Chief Justice Annette Ziegler

Wisconsin Supreme Court Chief Justice Chief Justice Annette Kingsland Ziegler. AP FILE PHOTO

Chief Justice Ziegler establishes attorney retention and recruitment committee to address attorney shortage



The committee is comprised of the deans of Wisconsin’s two law schools, representatives of the State Bar of Wisconsin, and attorneys and judges from around the state. Chief judges from the state’s nine judicial administrative districts will help lead the effort, according to court officials.

“The Chief Judges in each district recognize the importance of collaborating with the law schools, the State Bar, and attorneys to address this shortage our state is facing,” said Kenosha County Circuit Court Judge Jason Rossell, chief judge of the state’s Second Judicial Administrative District and chair of the Committee of Chief Judges.

“Each day in court, trial judges face the challenges of finding attorneys for unrepresented individuals in criminal cases. The delays caused by the shortage cause problems throughout the system, including delays in trials, lengthy pretrial incarceration, losing treatment options, and delayed closure for victims and witnesses,” Rossell added.

In the last four years, the number of active attorneys in Wisconsin has decreased by more than 4 percent, and the number of students enrolling in Wisconsin’s two law schools has declined over the last five years. This trend significantly impacts the more rural parts of Wisconsin, where the number of available attorneys has decreased by over 7 percent, Ziegler said.

According to Ziegler, lawyers provide important representation to individuals and serve their communities in a variety of ways. The absence of attorneys is being realized statewide, she said, noting some counties—seven of them in the northern part of the state—have no certified attorneys to take cases when the State Public Defender attorneys cannot represent an individual.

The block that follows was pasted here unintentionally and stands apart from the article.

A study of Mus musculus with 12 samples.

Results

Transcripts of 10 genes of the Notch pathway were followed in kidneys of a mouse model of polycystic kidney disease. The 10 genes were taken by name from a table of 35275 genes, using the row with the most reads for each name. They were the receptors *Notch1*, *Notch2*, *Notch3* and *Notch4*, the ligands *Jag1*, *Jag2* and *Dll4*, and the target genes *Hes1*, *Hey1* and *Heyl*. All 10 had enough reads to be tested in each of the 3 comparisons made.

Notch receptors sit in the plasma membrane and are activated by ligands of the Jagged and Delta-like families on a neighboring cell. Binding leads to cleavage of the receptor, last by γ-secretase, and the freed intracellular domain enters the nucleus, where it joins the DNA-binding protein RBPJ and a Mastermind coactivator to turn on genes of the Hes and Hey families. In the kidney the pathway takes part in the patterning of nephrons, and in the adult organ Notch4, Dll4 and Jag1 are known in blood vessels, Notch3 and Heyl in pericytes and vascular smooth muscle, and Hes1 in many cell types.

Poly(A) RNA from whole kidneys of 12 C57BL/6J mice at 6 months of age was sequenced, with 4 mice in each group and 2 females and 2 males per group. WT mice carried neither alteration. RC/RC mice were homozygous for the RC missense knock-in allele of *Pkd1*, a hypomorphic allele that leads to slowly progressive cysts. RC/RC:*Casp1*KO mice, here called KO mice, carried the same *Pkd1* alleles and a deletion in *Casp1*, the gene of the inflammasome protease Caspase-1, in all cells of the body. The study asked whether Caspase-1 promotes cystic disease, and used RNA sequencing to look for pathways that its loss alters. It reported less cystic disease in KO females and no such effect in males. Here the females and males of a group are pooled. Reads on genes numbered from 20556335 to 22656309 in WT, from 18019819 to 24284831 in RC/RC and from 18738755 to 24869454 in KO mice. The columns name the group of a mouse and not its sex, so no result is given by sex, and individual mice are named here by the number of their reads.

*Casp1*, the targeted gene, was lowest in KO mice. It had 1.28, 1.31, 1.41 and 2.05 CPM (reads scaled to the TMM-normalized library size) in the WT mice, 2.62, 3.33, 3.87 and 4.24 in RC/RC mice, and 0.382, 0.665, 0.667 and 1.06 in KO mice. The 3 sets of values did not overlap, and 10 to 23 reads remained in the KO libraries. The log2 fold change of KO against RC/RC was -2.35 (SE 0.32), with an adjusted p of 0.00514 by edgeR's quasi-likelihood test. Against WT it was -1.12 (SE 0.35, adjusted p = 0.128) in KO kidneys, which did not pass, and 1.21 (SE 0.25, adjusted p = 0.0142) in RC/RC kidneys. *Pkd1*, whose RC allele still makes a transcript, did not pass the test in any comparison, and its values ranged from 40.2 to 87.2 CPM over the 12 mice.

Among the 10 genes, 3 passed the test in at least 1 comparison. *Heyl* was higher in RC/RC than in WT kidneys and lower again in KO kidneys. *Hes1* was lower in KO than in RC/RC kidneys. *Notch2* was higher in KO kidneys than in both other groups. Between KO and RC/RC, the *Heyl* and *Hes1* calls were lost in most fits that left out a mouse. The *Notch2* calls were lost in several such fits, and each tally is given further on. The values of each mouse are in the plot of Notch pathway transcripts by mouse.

The lawyer shortage not only impacts the constitutional rights of defendants – it also affects victims and our communities, Ziegler added.

“In the Northwestern quadrant of the state, the attorney shortage has reached crisis levels,” said Barron County Circuit Court Judge Maureen Boyle, chief judge of the state’s Tenth Judicial Administrative District.

“In Barron County, there are no local lawyers who regularly accept public defender appointments, and we must rely on remote technology to ensure representation for those facing criminal charges.” Even with remote technology, Chief Judge Boyle said the pool of lawyers available is small.

“A lasting solution will require all justice partners to collaborate and coordinate efforts,” Chief Judge Boyle noted.

“The Chief Justice’s committee on attorney retention and recruitment is a necessary step forward,” Boyle added.

The Attorney Retention & Recruitment Committee will involve various stakeholders in the legal community to study the attorney shortage issue and make recommendations on how Wisconsin can address the problem moving forward.

“The Chief Judges are thankful for the leadership of Chief Justice Ziegler and the Wisconsin Supreme Court in addressing this problem,” Chief Judge Rossell said.